What you should know about damages before filing a personal Injury lawsuit in Texas
Personal Injuries resulting from accidents are a daily occurrence. In cases where injuries are caused by the actions or inactions of someone other than the victim, the victim may choose to seek justice in a court of law. In Texas, as in other states, this comes in the form of monetary compensations to the victim, known as damages. When filing for personal injury cases, Texas law allows one to demand compensation in the form of economic damages, non-economic damages, and punitive damages.
Economic damages are financial compensations for the actual losses caused by the injury. This covers payment of medical bills, damaged property, and past and future earning capacity (wages lost). Another damage that could be claimed is Loss of Household Services, which is a compensation award for duties that the injured party performed around the house but can no longer carry out due to the injury.
Non-economic damages, on the other hand, compensate you for pain and suffering caused by the accident or injury. This covers compensation for emotional trauma, scars and disabilities, and any social disadvantage caused by the injury. Here is an overview of the damages that can be claimed under the Texas personal injury law:
Damages for Physical and Emotional Pain and suffering: You can claim for past and future pains if it can be proven. Doctors are usually used to estimate the level of suffering endured.
Damages for Physical Impairment: This is damage for the loss of enjoyment of life due to physical impairment caused by the injury.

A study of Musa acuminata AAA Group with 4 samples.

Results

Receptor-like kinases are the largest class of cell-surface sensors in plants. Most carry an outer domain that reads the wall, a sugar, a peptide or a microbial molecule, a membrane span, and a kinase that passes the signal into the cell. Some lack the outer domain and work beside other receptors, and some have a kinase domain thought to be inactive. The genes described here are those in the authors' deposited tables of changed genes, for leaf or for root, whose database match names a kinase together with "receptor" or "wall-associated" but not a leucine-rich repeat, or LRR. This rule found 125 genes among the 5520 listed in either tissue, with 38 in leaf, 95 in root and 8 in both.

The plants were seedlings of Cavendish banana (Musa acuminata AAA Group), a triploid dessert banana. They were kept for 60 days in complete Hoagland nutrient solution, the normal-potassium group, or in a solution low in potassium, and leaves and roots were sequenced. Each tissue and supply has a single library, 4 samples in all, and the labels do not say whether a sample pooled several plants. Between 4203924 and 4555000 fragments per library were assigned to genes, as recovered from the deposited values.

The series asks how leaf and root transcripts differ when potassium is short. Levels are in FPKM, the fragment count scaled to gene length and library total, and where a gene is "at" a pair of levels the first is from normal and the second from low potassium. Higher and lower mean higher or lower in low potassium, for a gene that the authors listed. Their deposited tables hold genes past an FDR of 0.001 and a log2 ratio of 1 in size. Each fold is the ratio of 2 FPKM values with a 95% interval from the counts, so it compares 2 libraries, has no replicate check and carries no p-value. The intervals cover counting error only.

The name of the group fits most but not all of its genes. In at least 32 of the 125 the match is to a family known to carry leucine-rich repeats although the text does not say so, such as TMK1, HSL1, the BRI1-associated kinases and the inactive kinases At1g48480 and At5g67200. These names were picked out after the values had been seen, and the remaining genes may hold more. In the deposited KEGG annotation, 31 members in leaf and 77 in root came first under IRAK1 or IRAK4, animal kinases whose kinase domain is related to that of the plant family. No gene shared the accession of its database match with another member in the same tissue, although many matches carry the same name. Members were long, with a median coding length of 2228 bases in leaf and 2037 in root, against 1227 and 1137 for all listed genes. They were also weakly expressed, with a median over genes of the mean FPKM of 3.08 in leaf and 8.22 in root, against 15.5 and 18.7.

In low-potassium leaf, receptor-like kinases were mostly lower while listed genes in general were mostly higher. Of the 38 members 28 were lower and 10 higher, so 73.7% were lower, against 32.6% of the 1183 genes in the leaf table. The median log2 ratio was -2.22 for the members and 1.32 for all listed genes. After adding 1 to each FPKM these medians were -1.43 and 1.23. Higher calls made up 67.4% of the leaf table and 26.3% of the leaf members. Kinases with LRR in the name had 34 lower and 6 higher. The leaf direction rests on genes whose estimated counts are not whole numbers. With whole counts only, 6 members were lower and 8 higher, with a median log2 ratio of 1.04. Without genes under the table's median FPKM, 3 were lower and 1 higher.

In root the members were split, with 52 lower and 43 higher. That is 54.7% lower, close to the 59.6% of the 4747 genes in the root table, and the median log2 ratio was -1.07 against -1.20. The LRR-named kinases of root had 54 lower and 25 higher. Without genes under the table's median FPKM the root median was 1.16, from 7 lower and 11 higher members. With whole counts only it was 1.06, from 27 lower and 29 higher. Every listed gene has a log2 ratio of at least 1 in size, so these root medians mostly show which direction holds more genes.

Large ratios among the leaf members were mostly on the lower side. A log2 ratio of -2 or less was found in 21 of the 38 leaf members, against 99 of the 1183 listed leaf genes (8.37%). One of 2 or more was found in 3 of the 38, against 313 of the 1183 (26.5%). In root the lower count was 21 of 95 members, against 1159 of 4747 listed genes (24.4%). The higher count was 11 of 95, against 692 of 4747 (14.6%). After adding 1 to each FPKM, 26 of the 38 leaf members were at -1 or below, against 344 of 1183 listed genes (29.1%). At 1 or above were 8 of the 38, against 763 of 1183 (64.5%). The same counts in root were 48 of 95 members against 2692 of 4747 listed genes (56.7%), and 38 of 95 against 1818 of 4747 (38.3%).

Damages for Disfigurement: This is claimed for the social disadvantage a victim faces due to changes in appearance as a result of the personal injury.
Damages for Mental trauma: This is awarded if it is proven (usually with the help of a psychologist) that the injury affected victim’s mental state.
Damages for Loss of Consortium: This is awarded if a victim has lost the affection and companionship of a loved one. This relationship is limited to the victim’s spouse, parent or child.
The value of non-economic damage is determined by jurors, who are independent third-parties with no relationship with those involved. The value of non-economic compensation can be a multiple of the economic damages. Compensation for this is capped at $250,000 and $100,000 (for cases against the government).
Punitive Damages, (also known as Exemplary Damages) unlike economic and non-economic, do not compensate you for anything. Rather, it is meant to punish the at-fault party for their misconduct. This penalty seeks to make an example of the at-fault party which serves as a deterrent. This may only be awarded if the plaintiff proves that the harm results from fraud, malice or gross negligence. According to Texas law, this is capped at $200,000 (or twice the economic damage plus value for non-economic damages up to $750,000), whichever is greater.
Before claiming any damages for injury, it is best to consult with your lawyer and carry out preliminary investigations.